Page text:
REVIEW: Ana Gasteyer and Seth Rudetsky, Seth Concert Series Online ✭✭✭✭✭

Last Updated on 9th December 2020

Julian Eaves reviews Ana Gasteyer and Seth Rudetsky appearing online in the latest offering from the Seth Concert Series.

Ana Gasteyer Seth Concert series

The Seth Concert Series : with Seth Rudetsky and Ana Gasteyer
Sunday 6th (live) and Monday 7th (repeat) December
5 Stars
Seth Rudetsky’s Website

A bracing start was given to this episode of Seth Rudetsky’s now-familiar cabaret-chatshow format.  Ana Gasteyer sashayed into view with some rare and most, most welcome movement in this otherwise pretty static formula.  Immediately, she splashed out her cabaret creds with a punchy (and, oh, so timely) Irving Berlin hit, ‘I’ve Got My Love To Keep Me Warm’.  From this light-hearted start, things got even fizzier with the old Andrews Sisters’ number, ‘Proper Cup of Coffee’ (by, as I’m sure we all remember, Aaron Gershunoff and Emanuele Pellegrini).  And welding these substantial songs together were the sparks and crackles and flashes of the Gasteyer discourse, which – when mixed with the astringent vermouth of Mr Rudetsky’s quick-thinking banter –

Blessed with a speaking voice that bridges the brusque earthiness of a Bronx housewife all the way across to the whispering sophistication of Meryl Streep, Ana is a delicious raconteur, lavishing as much care over her anecdotes as she does her musical performances (with the distinct exception of her violin-playing, which we also got to hear).  Julian Fleisher, whose, ‘Nothing Rhymes With Christmas’, a pastiche 40s comedy song, was smoothly executed before the conversation got its instructions to wander off in the general direction of Barbra Streisand.

‘Don’t Rain On My Parade’ (Bob Merrill/Jule Styne) – the Act 1 Finale to end all Act 1 Finales – told us we needed to know about her massively blooming voice, but the ‘big’ stuff was dodged here, and instead, we switched into another jazz number, ‘Everbody’s Waiting For The Man With The Bag’ (a 1950 yuletide novelty song by Irving Tayler, Dudley Brooks and Hal Stanley).  Mood and tone kept changing so quickly that we became dizzy.  And then we were into a discussion of ‘Saturday Night Live’, into which La Gasteyer also graduated via her acting/voice-over/late-night comedy career.

This show, however, has also been a boom to all those who promote family values: barely an episode sneaks by anymore without various other inhabitants of guests’ homes popping up into the mis-en-scene, and in this instalment – devoted readers – we got Ulysses, her 12-year old, with whom she found another kind of voice to sing, ‘He’s Stuck In The Chimney Again’, for which Miss Gasteyer composed the lyrics (and very smartly turned they are).  Then we mooched into, ‘If You’re In The Market For A Miracle’, another Jewish riff on the season of other kinds of goodwill, done up here in sort of Tom Lehrer style.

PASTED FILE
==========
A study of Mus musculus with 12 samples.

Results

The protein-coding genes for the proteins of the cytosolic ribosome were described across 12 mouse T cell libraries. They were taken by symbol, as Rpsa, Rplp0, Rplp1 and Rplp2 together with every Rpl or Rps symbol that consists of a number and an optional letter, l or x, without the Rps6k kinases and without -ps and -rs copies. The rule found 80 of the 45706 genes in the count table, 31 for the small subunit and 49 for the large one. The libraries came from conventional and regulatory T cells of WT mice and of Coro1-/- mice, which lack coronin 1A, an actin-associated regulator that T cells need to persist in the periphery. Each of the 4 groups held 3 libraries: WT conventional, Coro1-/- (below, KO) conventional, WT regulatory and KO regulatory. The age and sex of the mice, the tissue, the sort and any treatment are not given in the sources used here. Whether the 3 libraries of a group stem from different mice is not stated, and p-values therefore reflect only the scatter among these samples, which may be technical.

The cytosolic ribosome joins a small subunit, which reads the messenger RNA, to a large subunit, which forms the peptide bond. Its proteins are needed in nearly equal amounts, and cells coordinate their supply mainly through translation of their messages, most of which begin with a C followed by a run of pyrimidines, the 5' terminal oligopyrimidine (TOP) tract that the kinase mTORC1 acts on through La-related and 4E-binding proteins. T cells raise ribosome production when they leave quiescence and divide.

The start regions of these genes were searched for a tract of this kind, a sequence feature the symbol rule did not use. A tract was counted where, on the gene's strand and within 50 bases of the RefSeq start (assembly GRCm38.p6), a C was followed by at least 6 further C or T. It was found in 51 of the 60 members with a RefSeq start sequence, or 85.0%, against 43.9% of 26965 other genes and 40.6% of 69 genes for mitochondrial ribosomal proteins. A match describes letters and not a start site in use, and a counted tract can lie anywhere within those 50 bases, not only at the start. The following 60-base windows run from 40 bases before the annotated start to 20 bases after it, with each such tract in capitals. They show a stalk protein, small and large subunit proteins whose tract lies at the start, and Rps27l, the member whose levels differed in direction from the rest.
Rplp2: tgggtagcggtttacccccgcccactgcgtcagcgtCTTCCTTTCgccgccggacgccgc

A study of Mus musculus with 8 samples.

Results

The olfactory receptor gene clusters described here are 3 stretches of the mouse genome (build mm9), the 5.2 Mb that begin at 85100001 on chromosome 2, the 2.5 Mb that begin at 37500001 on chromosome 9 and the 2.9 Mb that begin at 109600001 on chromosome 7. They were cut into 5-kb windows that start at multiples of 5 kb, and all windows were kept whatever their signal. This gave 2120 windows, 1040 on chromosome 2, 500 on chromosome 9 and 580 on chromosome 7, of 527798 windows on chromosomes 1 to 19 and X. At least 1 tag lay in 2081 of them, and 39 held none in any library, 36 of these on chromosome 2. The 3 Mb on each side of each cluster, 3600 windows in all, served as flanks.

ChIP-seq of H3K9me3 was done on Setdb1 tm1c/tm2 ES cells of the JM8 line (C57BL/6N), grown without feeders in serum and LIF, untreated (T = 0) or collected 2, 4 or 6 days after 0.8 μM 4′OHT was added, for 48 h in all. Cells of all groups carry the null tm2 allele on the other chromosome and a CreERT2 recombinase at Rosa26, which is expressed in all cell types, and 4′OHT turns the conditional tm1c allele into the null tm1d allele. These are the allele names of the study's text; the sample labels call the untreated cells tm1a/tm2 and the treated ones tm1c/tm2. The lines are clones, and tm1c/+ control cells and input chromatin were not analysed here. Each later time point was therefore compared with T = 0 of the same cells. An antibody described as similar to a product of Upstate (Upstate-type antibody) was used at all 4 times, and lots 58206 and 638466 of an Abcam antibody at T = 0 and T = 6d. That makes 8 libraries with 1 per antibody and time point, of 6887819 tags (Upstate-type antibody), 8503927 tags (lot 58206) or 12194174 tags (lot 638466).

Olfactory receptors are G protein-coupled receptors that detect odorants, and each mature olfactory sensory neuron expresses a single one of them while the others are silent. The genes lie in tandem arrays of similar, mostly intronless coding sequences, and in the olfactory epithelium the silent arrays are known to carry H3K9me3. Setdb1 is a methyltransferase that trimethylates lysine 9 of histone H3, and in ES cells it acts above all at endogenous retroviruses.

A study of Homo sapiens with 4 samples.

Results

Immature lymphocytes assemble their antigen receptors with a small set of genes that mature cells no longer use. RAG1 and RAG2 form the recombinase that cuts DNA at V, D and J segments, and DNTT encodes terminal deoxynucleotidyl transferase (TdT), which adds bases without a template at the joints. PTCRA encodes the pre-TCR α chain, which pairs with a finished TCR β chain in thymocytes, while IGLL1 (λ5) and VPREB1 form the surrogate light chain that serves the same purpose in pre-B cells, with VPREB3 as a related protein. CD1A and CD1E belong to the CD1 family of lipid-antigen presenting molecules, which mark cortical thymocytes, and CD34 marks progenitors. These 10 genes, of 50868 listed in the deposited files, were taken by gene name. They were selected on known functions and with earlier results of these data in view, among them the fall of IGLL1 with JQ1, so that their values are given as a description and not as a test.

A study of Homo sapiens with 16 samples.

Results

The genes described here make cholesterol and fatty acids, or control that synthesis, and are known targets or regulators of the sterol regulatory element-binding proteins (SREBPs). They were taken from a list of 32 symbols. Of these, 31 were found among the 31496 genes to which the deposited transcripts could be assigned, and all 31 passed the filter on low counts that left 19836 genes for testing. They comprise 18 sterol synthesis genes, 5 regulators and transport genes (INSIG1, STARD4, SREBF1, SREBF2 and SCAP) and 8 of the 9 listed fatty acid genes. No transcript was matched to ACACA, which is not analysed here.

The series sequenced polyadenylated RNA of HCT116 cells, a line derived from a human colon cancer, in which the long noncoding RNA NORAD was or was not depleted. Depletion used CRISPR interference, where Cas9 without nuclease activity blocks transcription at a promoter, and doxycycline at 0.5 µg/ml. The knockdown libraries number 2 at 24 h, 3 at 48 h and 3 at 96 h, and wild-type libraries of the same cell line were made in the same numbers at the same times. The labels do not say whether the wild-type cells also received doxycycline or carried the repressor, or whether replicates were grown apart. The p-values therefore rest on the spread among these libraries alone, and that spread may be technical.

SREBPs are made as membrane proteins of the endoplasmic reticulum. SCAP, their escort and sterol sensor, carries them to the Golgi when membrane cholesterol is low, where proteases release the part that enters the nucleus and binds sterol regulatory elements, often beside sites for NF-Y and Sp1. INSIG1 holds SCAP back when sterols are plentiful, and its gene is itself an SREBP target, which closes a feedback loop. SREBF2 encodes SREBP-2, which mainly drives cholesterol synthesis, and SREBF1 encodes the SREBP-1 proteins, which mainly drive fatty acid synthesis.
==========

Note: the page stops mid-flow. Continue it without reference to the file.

Another of Gasteyer’s songs was rolled out next, another ‘secular, seasonal favourite’.  If we knew what was coming, then we were surprised by a silky Jackie Dankworth-style voice, as we got the title track from an album of our guest for this show: ‘Sugar and Booze’ (an album conveniently also on display throughout the entire programme, propped up on a music stand in the Gasteyer drawing room, between Ana and her piano.  Then, brava for Deanna Earl, winner of this week’s competition, who did a powerful last few bars of ‘Defying Gravity’: to which, Gasteyer – give her credits where they are so richly due! – said, ‘What does she get for that?’  Hmm.  ‘Reknown’ and tickets to a Broadway Show (the show’s sponsor is ‘Broadway World’, for those of you who have trouble seeing where the dots join up…).

Anyways.  Then she got to do a song from ‘Wicked’ all the way through: ‘The Wizard and I’.  This sounded like another finale.  (In fact, most of the songs in ‘Wicked’ do.)  A change of true style blew in with the send-off, ‘You’re A Mean One, Mr Grinch’ (Lindsey Stirling’s surprisingly durable ditty written for the original 1966 cartoon special, ‘How The Grinch Stole Christmas’.  And Ana did this with a pleasing mix of her cabaret drawl and Broadway showmanship.

Like many things packaged enticingly for Christmas, the show was perhaps a little more tinsel and sparkle than it could always back up with substance, but there is a market for such fripperies, and this edition certainly knew how to speak to it.  Still got it.